Classes are up and running and I couldn’t be happier that I am enrolled in Learning in Outdoor

Education .. or so I thought. Recently, on March 24th I had my first class trip to the Royal National Park. The trip was supposed to be a five hour bush walk or in English, a hike, but it turned out to be so much more than that!

The coach buses picked my class up at approximately 9 AM and we headed off south for about an hour and a half. The park was gorgeous! After splitting up into our groups we started the hike. Five hours to go. I walked and walked and walked some more. The scenery was absolutely incredible and pictures definitely do not do it justice. Even though I was feeling like a Popsicle on a summer day, it didn’t matter.

After three hours of walking we arrived to the Marly beaches and sat down to enjoy our lunches while watching the beautiful waves dance and hearing the ocean speak. I was told by my professor to find a spot that spoke to me and to go record a self reflection. I looked around and found the rock that Ariel, The Little Mermaid, stood on. I immediately ran to it and propped myself up on top. I was feeling like a mermaid.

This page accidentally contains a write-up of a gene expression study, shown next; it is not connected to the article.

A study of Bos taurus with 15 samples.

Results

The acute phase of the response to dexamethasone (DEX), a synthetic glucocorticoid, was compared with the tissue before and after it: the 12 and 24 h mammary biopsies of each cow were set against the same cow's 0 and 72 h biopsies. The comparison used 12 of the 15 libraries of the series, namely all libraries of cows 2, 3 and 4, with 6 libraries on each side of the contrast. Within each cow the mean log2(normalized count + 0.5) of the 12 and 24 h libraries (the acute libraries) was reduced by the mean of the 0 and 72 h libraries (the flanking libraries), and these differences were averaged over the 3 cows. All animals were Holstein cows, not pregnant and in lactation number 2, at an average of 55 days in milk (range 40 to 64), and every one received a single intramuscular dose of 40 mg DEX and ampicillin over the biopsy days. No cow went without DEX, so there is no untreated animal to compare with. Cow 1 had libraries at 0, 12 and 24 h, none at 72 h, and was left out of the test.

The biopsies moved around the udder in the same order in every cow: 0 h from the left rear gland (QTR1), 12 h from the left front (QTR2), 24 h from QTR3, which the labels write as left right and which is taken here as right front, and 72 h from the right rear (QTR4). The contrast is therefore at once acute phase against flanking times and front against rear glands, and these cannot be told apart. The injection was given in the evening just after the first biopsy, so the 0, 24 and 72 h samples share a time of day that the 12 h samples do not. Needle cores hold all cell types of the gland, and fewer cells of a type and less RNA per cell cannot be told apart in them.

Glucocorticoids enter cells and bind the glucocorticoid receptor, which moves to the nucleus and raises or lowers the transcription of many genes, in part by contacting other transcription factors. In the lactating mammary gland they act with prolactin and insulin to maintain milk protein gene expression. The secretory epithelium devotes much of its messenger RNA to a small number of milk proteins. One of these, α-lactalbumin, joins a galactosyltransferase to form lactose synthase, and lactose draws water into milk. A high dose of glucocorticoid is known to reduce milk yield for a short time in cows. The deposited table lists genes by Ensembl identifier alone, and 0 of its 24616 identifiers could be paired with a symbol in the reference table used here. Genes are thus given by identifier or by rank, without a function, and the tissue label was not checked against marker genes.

All was well till I started walking back and tripped on a gigantic rock. My ankle did a weird bendy thing and before I knew it, I was on the ground. I remember what I felt exactly at that moment, “Wow, I’m going to be the girl that they use as an example in class.” I did not want to be that person. My professor asked if I could walk on it and I could thanks to adrenaline. No getting airlifted out of the park for me!

The final hour I limped back with my swollen ankle. I was feeling good till I got to the bus and had to sit down for an hour and a half. Since I wouldn’t be able to elevate my foot all of the blood rushed to it and I had to hop my way out of the bus. The 20 ft walk back to my apartment felt like and eternity and hurt terribly. All I could think was, why do bad things happen to good people? I did not know.

Three trips to the doctors office and an x-ray later, I can still hear the voice of my professor in the back of my brain. “Thank’s for soldering!”